Lens Materials :

  • Standard Plastic: A popular and affordable lens material, plastic provides lightweight comfort and durability. Coatings may also be applied to prevent scratches and provide UV protection.
  • Mid-Index Plastic: If you require a stronger prescription, you may want mid-index plastic lenses, which are thinner and lighter than standard plastic lenses. Photochromic, no-glare coatings, and other protective treatments may also be applied to these lenses.
  • Polycarbonate: Another good option for those with stronger prescriptions, polycarbonate lenses are nearly unbreakable, making them ideal for children and those with an active lifestyle. They’re non-distorting, as well as slimmer and lighter than standard plastic lenses.
  • Hi-Index Plastic: If you need a stronger prescription and also want extra clear vision, even during extended use, this lens type may be best for you. Like other options, they’re slimmer and lighter, but are usually more expensive. For even sharper vision, especially at night, a no-glare coating can also be applied.

Prescription Types :

  • Single Vision: As the name indicates, single vision lenses correct only one sight issue—near vision, intermediate or distance. They can also be used to correct astigmatism.
  • Progressives:As you get older, you may suffer from presbyopia, which means you begin to be unable to see well up-close. If you also need corrective lenses for near vision, intermediate or distance, these multifocal lenses may be the answer. Depending on where you look in the lens, these lenses help correct your vision, as needed. Unlike standard bifocals, they have no lines across the lenses and will not cause sudden changes in your vision.
  • Bifocals: Also used to treat presbyopia, bifocals (unlike progressives) have a line across the lens, and usually offer a wider viewing area for near vision. Only the bottom portion of the lens is used to correct near vision, while the rest of the lens corrects other sight issues such as distance or intermediate.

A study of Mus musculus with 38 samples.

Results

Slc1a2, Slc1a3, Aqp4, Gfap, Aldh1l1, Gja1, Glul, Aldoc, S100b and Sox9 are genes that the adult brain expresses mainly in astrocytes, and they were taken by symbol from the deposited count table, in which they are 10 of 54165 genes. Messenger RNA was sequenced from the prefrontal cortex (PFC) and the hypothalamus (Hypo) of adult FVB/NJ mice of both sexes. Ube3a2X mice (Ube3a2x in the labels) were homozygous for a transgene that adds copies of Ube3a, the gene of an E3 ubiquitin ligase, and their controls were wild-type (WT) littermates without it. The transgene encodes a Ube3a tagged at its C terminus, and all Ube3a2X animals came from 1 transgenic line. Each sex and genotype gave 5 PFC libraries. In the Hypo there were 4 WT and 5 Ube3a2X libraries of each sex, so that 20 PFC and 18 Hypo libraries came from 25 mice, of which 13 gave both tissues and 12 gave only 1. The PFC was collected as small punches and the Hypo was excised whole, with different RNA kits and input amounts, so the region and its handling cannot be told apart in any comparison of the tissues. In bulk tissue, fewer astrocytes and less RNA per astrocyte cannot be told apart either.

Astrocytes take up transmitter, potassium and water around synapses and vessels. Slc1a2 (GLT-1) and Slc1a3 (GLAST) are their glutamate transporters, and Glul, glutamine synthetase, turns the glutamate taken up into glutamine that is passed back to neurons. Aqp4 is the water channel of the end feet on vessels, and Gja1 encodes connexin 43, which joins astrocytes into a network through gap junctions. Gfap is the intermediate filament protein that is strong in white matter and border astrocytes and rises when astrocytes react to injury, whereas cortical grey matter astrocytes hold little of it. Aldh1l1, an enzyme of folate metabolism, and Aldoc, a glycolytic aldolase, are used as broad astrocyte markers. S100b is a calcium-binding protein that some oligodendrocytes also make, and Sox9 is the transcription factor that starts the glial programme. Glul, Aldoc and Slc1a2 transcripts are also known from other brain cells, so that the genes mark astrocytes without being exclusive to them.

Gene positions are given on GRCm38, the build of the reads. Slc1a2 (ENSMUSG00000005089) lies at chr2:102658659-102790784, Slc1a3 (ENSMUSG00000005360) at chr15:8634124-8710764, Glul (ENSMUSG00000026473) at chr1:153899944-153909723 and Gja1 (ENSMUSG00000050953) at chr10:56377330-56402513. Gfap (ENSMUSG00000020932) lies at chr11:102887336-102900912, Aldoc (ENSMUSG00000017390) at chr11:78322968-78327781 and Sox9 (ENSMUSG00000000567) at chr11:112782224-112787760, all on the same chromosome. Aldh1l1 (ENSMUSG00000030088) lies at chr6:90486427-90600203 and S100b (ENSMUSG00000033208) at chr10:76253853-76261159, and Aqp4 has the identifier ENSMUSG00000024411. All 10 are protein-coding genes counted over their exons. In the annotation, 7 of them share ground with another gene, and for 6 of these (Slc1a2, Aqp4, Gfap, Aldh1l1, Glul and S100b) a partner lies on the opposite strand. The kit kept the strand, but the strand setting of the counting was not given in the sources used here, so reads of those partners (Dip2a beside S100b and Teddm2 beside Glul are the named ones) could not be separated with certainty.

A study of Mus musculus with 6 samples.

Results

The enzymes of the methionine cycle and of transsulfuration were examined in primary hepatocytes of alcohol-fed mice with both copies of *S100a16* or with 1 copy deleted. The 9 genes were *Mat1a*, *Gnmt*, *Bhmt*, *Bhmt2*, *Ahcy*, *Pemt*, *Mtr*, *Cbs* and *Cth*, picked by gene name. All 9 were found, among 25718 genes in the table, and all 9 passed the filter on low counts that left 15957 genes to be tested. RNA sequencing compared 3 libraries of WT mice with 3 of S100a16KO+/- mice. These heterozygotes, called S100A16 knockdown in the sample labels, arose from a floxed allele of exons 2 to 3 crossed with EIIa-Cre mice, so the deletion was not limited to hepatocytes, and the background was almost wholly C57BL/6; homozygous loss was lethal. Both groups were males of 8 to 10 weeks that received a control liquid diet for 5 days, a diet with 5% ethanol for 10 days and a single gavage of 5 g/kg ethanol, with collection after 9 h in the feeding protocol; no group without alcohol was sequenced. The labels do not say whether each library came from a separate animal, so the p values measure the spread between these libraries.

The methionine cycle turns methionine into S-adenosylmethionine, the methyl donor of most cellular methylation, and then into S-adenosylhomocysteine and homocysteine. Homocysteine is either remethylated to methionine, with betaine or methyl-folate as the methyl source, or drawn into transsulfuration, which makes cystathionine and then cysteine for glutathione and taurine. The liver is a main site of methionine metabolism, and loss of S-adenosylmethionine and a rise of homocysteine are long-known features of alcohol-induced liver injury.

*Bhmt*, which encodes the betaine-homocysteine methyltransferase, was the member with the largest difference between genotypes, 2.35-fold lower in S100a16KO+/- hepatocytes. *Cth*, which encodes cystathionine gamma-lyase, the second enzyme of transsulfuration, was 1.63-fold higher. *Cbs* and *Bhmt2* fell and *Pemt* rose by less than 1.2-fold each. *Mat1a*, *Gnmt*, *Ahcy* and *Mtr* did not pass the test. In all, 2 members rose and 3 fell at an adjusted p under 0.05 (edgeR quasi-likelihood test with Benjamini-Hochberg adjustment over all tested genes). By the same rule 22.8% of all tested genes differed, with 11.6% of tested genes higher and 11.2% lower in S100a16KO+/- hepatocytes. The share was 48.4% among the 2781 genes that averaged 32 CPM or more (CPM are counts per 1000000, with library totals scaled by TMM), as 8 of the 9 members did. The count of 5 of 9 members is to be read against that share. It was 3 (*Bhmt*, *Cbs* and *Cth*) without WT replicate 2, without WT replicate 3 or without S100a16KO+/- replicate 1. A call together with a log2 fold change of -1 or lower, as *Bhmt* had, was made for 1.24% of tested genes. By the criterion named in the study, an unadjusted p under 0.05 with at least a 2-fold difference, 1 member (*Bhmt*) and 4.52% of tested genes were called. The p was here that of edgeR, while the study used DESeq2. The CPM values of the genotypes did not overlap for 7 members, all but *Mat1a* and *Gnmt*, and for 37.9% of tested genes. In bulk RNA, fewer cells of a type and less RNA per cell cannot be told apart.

Additional Options :

  • Photochromic Lenses: Photochromic lenses, also known as light-responsive, will darken when exposed to UV rays or other intense light. When the light is no longer present, the lenses will return to their normal state. An excellent choice for added convenience and UV ray protection, photochromic lenses can be used with most frame styles.
  • PureSight Technology: PureSight Technology is an anti-reflective coating that provides clearer vision and a more durable surface. Ideal for when you’re working at a computer or driving at night, this coating minimizes eye fatigue caused by glare and lens reflection. It also resists smudges, dirt and scratches.
  • UV Protection: Protect your eyes from harmful UVA and UVB rays with an added UV protective coating.
  • Hard Coat + Lens Warranty : Want some additional protection from accidental damage for your lenses? A scratch-resistant lens coating, hard coat, reduces scratching and usual wear and tear on your lenses. Plus, it comes with a two-year lens warranty and unlimited replacement for a 20% copay of retail charge.
  • Tint: For sunglasses, cosmetic appeal, and special usages, tinted or colored lenses minimize unwanted glare. Important to note, tinted lenses may slightly alter the colors you see.
  • Roll & Polish: Ideal for rimless frames and stronger prescriptions, the Roll & Polish option makes the edges of a lens thinner by grinding down part of it.
  • Polarized Lenses: Polarized lenses improve visibility and minimize eye fatigue by reducing glare from water, snow, glass, and roads. They’re perfect for outdoor activities like fishing and snow skiing, as well as driving. Important to note, they may change your visibility of images on an LCD screen.